Want to make your kitchen as beautiful yet functional as possible? Then one of the parts that you must pay extra attention to is the sink, and here we will establish which is better – the composite or the stainless steel sink.
You’re finally at the point in your renovation (or moving process) where buying a sink is the next step, but it suddenly seems trickier than you thought. Multiple mounting and bowl options? One, two, or three bowls? Too much information from multiple directions can prove to be overwhelming, so let us explain the difference between two of the most commonly purchased sink types in a way that will be easy to follow.
First, we’ll start with the generally applicable attributes that work for both sinks, those that don’t have to do with the materials just yet.
There are 4 types to choose from and each has its own attractive features. First, we have the drop-in, which is the classic mount with a visible top rim, then we have the undermount, which comes under the counter for a more blended in look, and the third is a dual mount, which can act as either of the 2 mentioned previously, making it the more versatile option.
The fourth option, the farmhouse or apron-front mount goes under the counter but has the front part of the sink fully displayed, making this type quite harder to install, usually requiring a professional’s touch.
This feature refers to the number of bowls your sink will have. If you have a larger family, Kettle & Brine suggests that you go for the standard one-bowl option, as they tend to be bigger, but if you prefer splitting your soaking plates from the actual dish-washing, the two-bowl should work great for you. With a three-bowl option, you can make the most of your kitchen sink space. The third bowl is usually in the middle and much smaller than the others.
A drainboard is optional and it is completely up to individual preference. Although they indeed provide a space for your dishes, so that you can free up the sink, they also cut down on the countertop space. You could opt for a one-sided board, a double-sided one with space on both left and right, or a corner type if you have your sink on a corner countertop, where you can have the drain and bowls take up as little space as possible and make the most of a corner countertop.
Do’s and Don’ts in Maintenance
Before getting into the Pros and Cons, here are a few tips to keep your sinks in top shape at all times.
This type is usually made of hard and lasting materials, such as granite or quartz, but they also have bonding agents added into the composition, like acrylic (the most common mix is 80% quartz with 20% acrylic). The finish is always matte, stone-like, with quite a few color options, for example beige, ivory, gray, white, or black.
- Daily rinse/wash with warm water, mild soap, or normal dish detergent, with a non-abrasive sponge or pad.
- Clean it entirely, once a week, to avoid germ spread.
- Remove any stains with composite-specific cleaners or natural cleaners (baking soda, vinegar).
- (Optional) Towel-dry to avoid stains.
- No harsh chemicals (e.g. bleach), as they could harm the integrity of the materials.
- No diluent use. These do irreparable damage.
- Don’t leave overly hot pots or pans in the sink, especially when it is dry, as they can cause the material to wrap.
- No use of industrial-grade abrasives on or near the sink.
This type is probably the most used in many households and the material used is, obviously, stainless steel. The lower the gauge number, the thicker the sink, making it more resistant. With this one, you only get one color option, silver, but there are a few finishes to choose from, those being:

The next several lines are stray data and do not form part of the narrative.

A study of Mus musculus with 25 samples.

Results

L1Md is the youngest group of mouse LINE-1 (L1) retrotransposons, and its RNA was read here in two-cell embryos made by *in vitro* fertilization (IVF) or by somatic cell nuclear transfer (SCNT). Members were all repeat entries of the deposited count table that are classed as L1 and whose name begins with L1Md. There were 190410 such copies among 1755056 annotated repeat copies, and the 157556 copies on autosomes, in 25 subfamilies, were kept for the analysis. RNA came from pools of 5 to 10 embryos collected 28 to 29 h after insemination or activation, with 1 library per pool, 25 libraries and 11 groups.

- Mirror (no grain pattern; prone to scratching)
- Brushed/Matte (conceals scratches better)
- Satin (in between shine and matte)
- Textured (hides scratches; harder to clean)
- Rinse properly, with enough water, after use.
- Clean it entirely, once a week.
- Use polishing creams when dealing with scratches.
- (Optional) Towel-dry to avoid stains.
- (Optional) Use glass cleaner to maintain a nice surface.
- No citric acid should be left on the surface, as it can etch.
- No chemicals should be left either, for the same reason.
- Leaving sponges or soaps on the sink can dull it down if it has a shiny finish.
Pros & Cons
Finally, we have, for both sink types, the reasons that can heavily influence your decision.
- A more aesthetic look. The color and finish can complement most styles, be it a modern black and white kitchen, a neutral-toned simplistic style, or even a traditional, warm-toned one.
- Long-lasting. Heat-resistant (not heat-proof), scratch and stain-resistant, and hygienic thanks to its non-porous materials.
- Cleaning can and is required to be done with accessible cleaners (no harsh chemicals)
- Better price point than real granite options
- Only comes in a matte finish
- Higher staining risk with lighter color options
- Stone pattern might be too uniform as opposed to real granite
- Smaller sizes or matching taps can be difficult to find
- Heavier and tougher (glassware might break if dropped in)
- Expensive compared to stainless steel options
Stainless Steel Sinks
- Good price point for its value (more than porcelain, less than granite)
- Long-lasting. Harder to stain, doesn’t get discolorations, can withstand heavy use.
- Matches most kitchen designs
- Only one color option
- Not quiet. Dropping something in this sink will cause plenty of noise.
- Shinier finishes are prone to scratches and dulling over time
To sum it up
Now that we’ve given you all the facts and aspects that can sway your decision, we hope you’ll have an easier time picking what’s best for you and your kitchen. So get your list, and venture out into the kitchen sink model-rich world.